This time last year, Rinku Singh had never picked up a baseball. Neither had Dinesh Patel.
The teens, living in a poor farming community in India, were just a month away from joining the army.
But in a twist worthy of a made-for-TV movie, the two javelin throwers triumphed over 30,000 others in the Million Dollar Arm contest to win six months in the United States, training to become professional pitchers.
Last month, Singh, 20, and Patel, 19, became the first Indians to sign professional baseball contracts when the Pirates acquired them. They will report to Bradenton in February to prepare for spring training and hope to participate in the rookie-level Gulf Coast League.
Even if Singh and Patel never reach the majors, they could pave the way for many more in their country of 1-billion to play catch instead of cricket.
With every decade, baseball becomes more global. The Rays recently announced plans to start a baseball academy in Brazil.
And as the Pirates showed years ago with Roberto Clemente, a medal-winning javelin thrower and the first Puerto Rican member of the Baseball Hall of Fame, all it takes is one daring step to open a door.
"This is groundbreaking stuff, for them, their country and for the Pirates," said former major-league pitcher Tom House, a USC pitching coach who taught the two. "They're making history."
Both grew up in farming villages, where many live in dirt huts with no plumbing. Singh was one of nine siblings living in a one-bedroom house. His father earned $25 a month.
Each had Olympic hopes as they honed their javelin skills. But at 18, both felt they needed to help earn money for their families. They met with an army recruiter. On the verge of enlisting, they found out about Million Dollar Arm, a reality-show contest that toured 30 cities in India, beginning in December 2007 and ending with the finals in March in Mumbai. The winner, the one most accurate at 85-mph-plus, would receive $100,000 and training in California to prepare for a professional tryout.
Men crossed rivers, walked or biked, some barefoot, to fulfill a dream.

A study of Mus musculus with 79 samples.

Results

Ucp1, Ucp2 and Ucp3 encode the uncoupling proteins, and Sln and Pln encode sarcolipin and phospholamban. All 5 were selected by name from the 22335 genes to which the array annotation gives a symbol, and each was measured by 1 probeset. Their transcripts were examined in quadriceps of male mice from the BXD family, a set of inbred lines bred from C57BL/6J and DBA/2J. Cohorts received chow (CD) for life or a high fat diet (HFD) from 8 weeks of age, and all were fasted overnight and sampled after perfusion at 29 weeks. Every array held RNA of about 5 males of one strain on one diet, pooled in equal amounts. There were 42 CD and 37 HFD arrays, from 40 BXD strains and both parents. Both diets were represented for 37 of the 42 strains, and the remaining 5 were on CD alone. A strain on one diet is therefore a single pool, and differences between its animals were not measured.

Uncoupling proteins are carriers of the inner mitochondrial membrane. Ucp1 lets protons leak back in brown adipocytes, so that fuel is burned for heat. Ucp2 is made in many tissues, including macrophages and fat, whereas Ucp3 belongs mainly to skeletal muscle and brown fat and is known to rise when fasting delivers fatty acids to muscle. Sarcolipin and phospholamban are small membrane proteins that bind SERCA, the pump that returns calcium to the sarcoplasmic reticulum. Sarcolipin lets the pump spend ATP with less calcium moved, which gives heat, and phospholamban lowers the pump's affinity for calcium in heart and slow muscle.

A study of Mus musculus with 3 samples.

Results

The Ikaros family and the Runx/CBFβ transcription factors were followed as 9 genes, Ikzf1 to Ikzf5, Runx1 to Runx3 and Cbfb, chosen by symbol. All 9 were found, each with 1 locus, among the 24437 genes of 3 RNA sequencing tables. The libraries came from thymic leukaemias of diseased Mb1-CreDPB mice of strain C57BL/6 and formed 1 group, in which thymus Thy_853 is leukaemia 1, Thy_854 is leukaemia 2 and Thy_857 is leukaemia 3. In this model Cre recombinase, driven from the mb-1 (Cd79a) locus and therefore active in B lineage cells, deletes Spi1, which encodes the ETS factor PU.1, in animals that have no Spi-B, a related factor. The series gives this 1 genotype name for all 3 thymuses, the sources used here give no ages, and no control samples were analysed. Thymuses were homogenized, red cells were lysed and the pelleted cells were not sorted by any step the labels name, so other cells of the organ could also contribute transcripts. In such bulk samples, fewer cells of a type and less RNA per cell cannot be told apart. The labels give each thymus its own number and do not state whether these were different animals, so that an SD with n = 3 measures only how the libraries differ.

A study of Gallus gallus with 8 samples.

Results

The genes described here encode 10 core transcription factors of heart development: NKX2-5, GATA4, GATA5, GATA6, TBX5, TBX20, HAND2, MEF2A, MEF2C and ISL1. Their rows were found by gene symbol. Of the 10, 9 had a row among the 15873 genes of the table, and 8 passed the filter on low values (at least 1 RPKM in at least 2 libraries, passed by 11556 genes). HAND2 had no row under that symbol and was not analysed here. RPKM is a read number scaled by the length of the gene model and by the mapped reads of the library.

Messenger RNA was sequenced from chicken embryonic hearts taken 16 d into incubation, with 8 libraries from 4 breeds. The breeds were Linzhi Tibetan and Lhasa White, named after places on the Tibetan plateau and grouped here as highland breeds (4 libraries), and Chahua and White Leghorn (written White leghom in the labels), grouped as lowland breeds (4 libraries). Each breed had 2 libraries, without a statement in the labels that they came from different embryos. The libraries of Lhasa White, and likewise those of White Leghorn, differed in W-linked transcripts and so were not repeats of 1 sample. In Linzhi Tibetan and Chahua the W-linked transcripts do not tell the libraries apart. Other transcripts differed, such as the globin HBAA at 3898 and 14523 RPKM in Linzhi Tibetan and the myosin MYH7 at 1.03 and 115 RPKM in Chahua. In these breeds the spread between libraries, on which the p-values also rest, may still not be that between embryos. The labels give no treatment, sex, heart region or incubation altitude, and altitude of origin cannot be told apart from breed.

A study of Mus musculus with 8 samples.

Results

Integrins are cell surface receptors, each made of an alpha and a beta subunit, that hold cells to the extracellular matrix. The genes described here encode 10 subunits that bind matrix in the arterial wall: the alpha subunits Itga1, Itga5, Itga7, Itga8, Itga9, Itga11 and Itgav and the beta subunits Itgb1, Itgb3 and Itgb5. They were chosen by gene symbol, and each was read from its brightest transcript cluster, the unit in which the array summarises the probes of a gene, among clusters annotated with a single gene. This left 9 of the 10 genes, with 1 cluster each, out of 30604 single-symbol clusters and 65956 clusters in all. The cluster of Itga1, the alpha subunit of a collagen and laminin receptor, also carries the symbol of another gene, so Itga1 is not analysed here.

One minor problem: neither Singh nor Patel knew anything about baseball.
In their first tryout, it showed.
"It was ugly," admitted J.B. Bernstein, creator of the Million Dollar Arm contest. "They gripped the ball wrong. They threw the ball wrong. Their entire body motion from head to toe was all wrong."
But they were throwing nearly 90 mph.
Singh, a 6-foot-2, 180-pound left-hander, won the contest — and $100,000.
Patel, a 5-foot-11 right-hander, finished second and also received an invitation to Los Angeles, where the two would live with Bernstein and train with House, who worked with the likes of Nolan Ryan and Randy Johnson.
But when these pupils attended their first baseball game at USC, they asked why the shortstop didn't have a base of his own.
"They couldn't even play catch," House said.
The two got crash courses, in throwing curveballs and adjusting to American culture.
By day, they trained several hours with House, the founder and CEO of the National Pitching Association. To prevent injury, Singh and Patel didn't play catch for the first four weeks, instead focusing on conditioning, building arm strength. They absorbed pitching mechanics like they engulfed their new favorite foods (Singh, banana pancakes; Patel, pizza).
From learning to throw a curve to taking the elevator or using a paper dispenser, everything was novel. They picked up English by watching Baseball Tonight and taking online courses.
Patel, who takes turns with Singh maintaining a blog, was fascinated with Halloween. "Some have crazy costumes," he wrote.
Today, the contest winners are grocery shopping on their own. Said Bernstein: "They're very self-sufficient."
And they've held their own on the mound, throwing in the high 80s to low 90s and throwing fastballs, curves and changeups while playing simulated games against high school and junior college hitters. They know the rules but still need to learn the nuances of pitching, such as how to change speeds.
However, House said some of the 20 or so professional scouts who watched their tryout on Nov. 7 marveled at the smoothness of their deliveries.
They are raw, but they look like above-average junior college pitchers or college freshmen, said House, claiming Singh has better mechanics, a more pure delivery, than Hall of Famer Sandy Koufax. House said that "in a perfect world," Singh and Patel could make the majors in four years.
Pirates general manager Neal Huntington called them "intriguing" after their signing on Nov. 24. It's part of a move to get into some nontraditional markets.
The first thing Singh and Patel did was go online to locate Pittsburgh.
"It is in northeast part of USA and looks like very good city," they wrote.
It wasn't until four days later, when a package arrived with Pirates jerseys, jackets and DVDs, that they learned about Clemente's legendary path.
The historic moment finally set in. The pair, who could have been fighting in Mumbai during terrorist attacks two days later, were offered another fate with the contest.
"When we put on jersey it was first time since we win contest that this journey not feel like dream," Singh wrote on his blog. "It feel like I wake best dream, find it to be true."
Joe Smith can be reached at email@example.com.